The International Rescue Committee (IRC), like social service organizations across the U.S., has had to rapidly adapt to an unprecedented model of service delivery at a time when America’s most vulnerable families are being profoundly impacted by the dual impact of a public health crisis and an economic shut down.
As of April 15, 2020, more than 22 million Americans have been laid off ,representing 1 in 7 workers, and low-income communities, communities of color, and linguistically and culturally isolated families are facing ever deepening challenges.
The goal of this brief report is to provide a succinct, “real-time” snapshot of the main economic challengesthat families are facing, adaptationsthat IRC programs are making, and the lessons that are emerging as IRC continues to deliver economic empowerment programming across 26 U.S. cities.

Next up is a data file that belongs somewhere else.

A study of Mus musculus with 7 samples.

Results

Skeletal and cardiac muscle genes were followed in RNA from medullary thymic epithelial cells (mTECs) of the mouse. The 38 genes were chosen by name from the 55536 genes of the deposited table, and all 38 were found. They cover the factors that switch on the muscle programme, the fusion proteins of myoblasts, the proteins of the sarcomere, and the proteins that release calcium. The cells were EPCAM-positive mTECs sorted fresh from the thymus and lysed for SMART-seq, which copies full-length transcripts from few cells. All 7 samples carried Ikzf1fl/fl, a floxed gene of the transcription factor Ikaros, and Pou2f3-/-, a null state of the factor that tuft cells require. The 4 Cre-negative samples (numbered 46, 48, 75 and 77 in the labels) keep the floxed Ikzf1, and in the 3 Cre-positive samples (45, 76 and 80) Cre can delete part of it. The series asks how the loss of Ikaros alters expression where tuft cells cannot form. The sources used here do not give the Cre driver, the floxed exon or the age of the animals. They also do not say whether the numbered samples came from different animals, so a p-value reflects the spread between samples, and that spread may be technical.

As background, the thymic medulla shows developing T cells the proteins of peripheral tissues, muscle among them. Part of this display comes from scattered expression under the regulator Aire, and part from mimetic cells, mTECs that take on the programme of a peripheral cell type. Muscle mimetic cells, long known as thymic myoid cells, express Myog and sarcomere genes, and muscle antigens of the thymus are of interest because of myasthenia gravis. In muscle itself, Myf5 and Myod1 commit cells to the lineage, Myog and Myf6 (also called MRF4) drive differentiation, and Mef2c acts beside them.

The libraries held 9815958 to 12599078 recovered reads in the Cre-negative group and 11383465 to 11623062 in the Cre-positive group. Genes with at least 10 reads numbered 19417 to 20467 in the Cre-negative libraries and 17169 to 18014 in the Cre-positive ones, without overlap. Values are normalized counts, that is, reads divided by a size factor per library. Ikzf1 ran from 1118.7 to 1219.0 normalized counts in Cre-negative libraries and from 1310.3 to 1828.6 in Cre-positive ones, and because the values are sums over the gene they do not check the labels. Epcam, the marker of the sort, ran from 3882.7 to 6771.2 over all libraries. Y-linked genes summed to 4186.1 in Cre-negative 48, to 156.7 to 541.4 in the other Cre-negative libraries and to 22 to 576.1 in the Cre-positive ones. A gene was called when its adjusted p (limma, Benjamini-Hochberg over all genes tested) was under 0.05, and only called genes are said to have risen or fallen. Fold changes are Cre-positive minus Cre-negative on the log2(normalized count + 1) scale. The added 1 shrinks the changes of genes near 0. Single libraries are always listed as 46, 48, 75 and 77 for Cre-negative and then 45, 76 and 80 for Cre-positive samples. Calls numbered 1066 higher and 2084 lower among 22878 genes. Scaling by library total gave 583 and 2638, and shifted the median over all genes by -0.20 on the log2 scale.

Like many social service providers, the communities the IRC serves are overwhelmingly poor and in addition, more than 95% of those served by the IRC are immigrants and refugees who generally speak English less than well and are much more likely to have weak digital literacy skills as compared to native born Americans,which makes service delivery during a time of physical separation challenging.
By sharing this ever-evolving, “real-time” picture, the IRC hopes to contribute to the capacity of all stakeholders –practitioners, policymakers, and funders –to forge a collaborative, effective response for America’s most vulnerable.This brief was developed by the Resettlement, Asylum, and Integration (RAI) US Economic Empowerment technical unit and draws heavily on itse ngagement with more than 160 field staff during the last 30 days. These staff serve more than 14,000 clients annually in workforce development, financial capability, and small business programs.